Ruben Studdard Defends Clay Aiken's Congressional Bid

LeAnn Mueller

Ruben Studdard

Ruben Studdard has stepped up in defense of Clay Aiken, who is making a run to represent North Carolina's Second Congressional District.

Studdard, who competed against Aiken on the second season of American Idol, was responding to allegations made by Aiken's opponent that he had a poor attendance record on a presidential commission eight years ago and that the North Carolina native was not being committed to the causes of special needs children. Studdard made it known he will not stand by idly "while someone attacked my friend in an area where he has such an incredible track record of doing so much good for so many children.

"Truth is, Clay's dedicated his life to people with disabilities," said Studdard in a television spot released by Aiken's campaign. "He received his college degree in special education. He taught children with autism. And Clay agreed to support the presidential commission to help people with intellectual disabilities because he believed so strongly in its work."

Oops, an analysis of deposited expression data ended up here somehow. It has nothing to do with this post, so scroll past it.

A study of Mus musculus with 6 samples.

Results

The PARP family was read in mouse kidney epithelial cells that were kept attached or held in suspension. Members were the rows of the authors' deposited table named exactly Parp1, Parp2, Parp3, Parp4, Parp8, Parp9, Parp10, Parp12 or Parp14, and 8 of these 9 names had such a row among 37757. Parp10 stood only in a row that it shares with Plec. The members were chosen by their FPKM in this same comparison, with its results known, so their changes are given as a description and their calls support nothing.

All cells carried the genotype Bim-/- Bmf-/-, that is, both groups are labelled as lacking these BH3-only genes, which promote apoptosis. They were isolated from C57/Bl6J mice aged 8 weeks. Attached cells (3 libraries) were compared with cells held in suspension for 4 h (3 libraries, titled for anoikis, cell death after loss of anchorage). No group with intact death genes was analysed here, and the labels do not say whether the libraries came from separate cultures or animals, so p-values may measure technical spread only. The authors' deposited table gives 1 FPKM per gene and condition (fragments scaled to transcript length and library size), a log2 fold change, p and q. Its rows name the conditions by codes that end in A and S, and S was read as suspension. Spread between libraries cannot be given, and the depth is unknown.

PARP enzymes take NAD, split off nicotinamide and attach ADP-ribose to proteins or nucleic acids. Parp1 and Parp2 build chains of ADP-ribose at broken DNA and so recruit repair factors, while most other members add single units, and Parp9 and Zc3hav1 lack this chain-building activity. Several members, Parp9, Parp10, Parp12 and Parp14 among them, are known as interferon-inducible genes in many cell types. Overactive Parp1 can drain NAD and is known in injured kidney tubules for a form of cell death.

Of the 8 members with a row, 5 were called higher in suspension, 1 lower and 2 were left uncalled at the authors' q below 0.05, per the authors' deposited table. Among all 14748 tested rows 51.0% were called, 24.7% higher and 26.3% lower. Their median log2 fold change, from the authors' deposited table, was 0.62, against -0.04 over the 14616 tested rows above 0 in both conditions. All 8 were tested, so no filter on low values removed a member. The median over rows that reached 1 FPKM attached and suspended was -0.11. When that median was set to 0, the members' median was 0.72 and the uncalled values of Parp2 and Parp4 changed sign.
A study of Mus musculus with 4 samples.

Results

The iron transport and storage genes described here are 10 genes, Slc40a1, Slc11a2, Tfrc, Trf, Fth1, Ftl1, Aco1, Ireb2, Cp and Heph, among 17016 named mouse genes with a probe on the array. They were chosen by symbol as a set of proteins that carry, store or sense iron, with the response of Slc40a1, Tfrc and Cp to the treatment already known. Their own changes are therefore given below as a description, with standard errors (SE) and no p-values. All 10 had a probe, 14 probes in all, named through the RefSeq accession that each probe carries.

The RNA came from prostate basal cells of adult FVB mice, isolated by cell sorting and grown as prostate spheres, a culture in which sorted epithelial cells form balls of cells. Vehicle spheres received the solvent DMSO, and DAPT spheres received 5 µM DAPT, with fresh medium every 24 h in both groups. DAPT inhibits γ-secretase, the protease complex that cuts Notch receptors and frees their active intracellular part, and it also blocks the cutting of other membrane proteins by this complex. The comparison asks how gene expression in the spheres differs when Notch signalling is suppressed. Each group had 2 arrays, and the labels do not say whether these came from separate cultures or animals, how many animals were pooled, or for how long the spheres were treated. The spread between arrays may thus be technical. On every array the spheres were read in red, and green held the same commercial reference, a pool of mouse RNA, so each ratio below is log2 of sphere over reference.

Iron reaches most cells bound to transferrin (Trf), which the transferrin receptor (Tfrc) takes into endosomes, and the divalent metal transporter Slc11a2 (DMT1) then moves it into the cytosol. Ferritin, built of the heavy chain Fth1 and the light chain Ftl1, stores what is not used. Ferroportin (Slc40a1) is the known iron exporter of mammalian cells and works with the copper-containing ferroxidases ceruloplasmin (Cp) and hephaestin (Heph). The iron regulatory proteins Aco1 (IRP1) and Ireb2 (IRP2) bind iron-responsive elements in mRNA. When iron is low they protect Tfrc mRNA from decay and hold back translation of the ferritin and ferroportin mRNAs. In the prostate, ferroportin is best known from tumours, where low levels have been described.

"I have known and considered Clay a great friend for the past 11 years," he said. "I have always known him to be a staunch defender of children with special needs."

Aiken has been hitting the campaign trail with a succession of high-profile appearances gearing up to the North Carolina primary election, set for May 6.

The entertainer stopped by for a chat on the Colbert Report Wednesday night to talk about his views.

"I think people are very fed up with the kind of tone-deaf representation they've had," he said.

He also defended himself against attacks on his character.


But if anyone is expecting to hear Aiken sing on the campaign trail, that particular voice will be silent -- except maybe for the National Anthem. "I have had a great 11 years singing. And this is the new chapter for me. I think it's more important than singing, and so I have put that on the back burner for sure," he said.